Software Chickens and Eggs: Science vs. Practice



Why practice over theory? Software is a highly fragmented field. Since its early days, different teams and individuals have been designing systems in the way they thought would be the most optimal. Software systems evolve, ideas come and go. Software is a full member of the cohort of modern occupations where what you do today will surely be obsolete tomorrow. This keeps the field exciting for those who like the change, but quite frustrating for those who don’t. And difficult to build long-standing theories around.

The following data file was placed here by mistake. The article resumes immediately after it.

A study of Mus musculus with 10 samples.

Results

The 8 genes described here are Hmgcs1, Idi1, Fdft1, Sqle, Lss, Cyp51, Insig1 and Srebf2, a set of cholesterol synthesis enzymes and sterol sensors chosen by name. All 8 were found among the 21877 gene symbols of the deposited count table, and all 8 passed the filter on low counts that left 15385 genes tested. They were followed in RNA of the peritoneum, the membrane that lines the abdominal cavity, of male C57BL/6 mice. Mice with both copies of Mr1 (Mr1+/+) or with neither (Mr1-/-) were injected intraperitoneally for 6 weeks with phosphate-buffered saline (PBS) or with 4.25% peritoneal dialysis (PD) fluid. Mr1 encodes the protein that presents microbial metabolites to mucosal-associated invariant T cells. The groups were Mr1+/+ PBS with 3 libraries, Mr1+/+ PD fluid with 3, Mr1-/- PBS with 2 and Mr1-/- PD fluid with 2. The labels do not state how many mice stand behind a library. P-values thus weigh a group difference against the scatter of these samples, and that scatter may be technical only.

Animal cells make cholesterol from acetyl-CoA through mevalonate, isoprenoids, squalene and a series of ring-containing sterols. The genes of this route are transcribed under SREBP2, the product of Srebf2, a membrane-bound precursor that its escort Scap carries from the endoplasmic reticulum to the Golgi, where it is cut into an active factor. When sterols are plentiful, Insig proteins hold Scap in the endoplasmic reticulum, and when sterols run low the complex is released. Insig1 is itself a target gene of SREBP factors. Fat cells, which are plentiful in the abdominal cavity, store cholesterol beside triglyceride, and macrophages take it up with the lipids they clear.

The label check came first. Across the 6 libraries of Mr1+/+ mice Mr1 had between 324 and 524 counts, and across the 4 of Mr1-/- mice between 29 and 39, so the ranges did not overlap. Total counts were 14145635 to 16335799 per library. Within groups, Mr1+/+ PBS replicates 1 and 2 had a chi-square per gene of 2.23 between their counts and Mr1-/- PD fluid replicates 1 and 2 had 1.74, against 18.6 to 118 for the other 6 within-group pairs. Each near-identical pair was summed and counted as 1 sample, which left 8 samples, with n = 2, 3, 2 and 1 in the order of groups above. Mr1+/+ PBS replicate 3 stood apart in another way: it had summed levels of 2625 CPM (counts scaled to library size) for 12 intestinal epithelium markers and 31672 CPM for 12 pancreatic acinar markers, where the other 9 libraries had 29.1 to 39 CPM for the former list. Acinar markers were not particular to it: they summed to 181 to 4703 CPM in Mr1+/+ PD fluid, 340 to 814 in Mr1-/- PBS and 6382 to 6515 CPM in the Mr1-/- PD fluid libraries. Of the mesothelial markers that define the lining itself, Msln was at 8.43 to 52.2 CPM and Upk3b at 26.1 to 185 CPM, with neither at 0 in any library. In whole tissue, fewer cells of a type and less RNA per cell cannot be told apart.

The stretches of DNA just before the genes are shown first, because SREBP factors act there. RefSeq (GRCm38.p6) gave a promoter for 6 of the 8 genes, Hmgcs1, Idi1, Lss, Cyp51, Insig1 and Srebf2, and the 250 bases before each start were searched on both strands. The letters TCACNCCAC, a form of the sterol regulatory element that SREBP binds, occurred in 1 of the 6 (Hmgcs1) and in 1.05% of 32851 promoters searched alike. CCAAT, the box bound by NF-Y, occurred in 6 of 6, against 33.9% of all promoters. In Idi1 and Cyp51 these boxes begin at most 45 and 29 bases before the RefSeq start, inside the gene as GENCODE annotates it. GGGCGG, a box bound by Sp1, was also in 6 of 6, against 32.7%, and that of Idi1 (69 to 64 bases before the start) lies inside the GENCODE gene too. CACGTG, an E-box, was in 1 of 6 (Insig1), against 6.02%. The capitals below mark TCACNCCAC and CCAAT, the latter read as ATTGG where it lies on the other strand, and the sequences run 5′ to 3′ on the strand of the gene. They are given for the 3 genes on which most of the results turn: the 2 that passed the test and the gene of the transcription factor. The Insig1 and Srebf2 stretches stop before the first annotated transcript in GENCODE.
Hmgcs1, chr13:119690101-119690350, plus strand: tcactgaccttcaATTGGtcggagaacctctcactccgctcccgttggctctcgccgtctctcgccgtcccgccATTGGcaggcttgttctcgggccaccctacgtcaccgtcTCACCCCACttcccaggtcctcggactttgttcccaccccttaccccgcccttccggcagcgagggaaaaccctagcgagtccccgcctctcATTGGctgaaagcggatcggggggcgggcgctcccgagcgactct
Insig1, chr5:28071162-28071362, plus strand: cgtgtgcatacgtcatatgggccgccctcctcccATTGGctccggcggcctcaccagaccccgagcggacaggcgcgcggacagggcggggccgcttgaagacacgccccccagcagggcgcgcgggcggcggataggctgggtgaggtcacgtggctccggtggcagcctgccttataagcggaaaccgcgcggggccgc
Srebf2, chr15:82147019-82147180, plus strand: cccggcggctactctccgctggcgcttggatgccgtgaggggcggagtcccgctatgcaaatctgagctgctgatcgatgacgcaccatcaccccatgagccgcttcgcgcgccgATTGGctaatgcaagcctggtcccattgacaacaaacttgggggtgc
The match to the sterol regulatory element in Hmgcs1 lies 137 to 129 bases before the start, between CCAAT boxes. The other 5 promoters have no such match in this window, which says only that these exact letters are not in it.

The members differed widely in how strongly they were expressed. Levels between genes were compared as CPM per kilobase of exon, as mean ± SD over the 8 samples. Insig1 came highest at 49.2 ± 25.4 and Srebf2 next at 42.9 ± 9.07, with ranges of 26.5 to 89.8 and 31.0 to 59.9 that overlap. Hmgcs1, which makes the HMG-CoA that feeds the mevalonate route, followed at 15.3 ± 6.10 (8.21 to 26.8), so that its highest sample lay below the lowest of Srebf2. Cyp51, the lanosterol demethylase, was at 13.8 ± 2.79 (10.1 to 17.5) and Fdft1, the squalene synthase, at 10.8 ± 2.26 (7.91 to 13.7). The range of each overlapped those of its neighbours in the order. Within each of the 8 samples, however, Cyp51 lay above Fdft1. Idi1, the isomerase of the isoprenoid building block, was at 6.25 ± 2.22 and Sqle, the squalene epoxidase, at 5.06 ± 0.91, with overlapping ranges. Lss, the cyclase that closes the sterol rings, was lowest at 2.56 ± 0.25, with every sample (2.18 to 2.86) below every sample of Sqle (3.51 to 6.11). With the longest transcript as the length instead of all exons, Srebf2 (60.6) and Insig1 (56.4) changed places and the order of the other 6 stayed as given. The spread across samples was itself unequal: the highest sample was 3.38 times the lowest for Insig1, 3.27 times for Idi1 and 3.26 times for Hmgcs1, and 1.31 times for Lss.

CS describes common terms and principles, the use of which can be detected in modern software languages and application systems. On the practical side, however, the terminology and methods are far from being standard. Many fundamental concepts such as Function, Class, Interface, even Variable, mean somewhat different things across popular languages. Learning generic theory may become a path to confusion for a newcomer trying to build up marketable skills quickly and land a first Software Professional job.

Another phenomenon is that many fundamentals of CS that last century's scientists worked so hard to formulate are simply common sense for an average modern person. As a comparison, think, how significant is the knowledge of Newton's laws in your everyday professional work? Aren't they just common sense for the last two-three hundred years? Would you go to college now to specifically study them? You checked them off in the Middle School already (thank you first physics teacher)!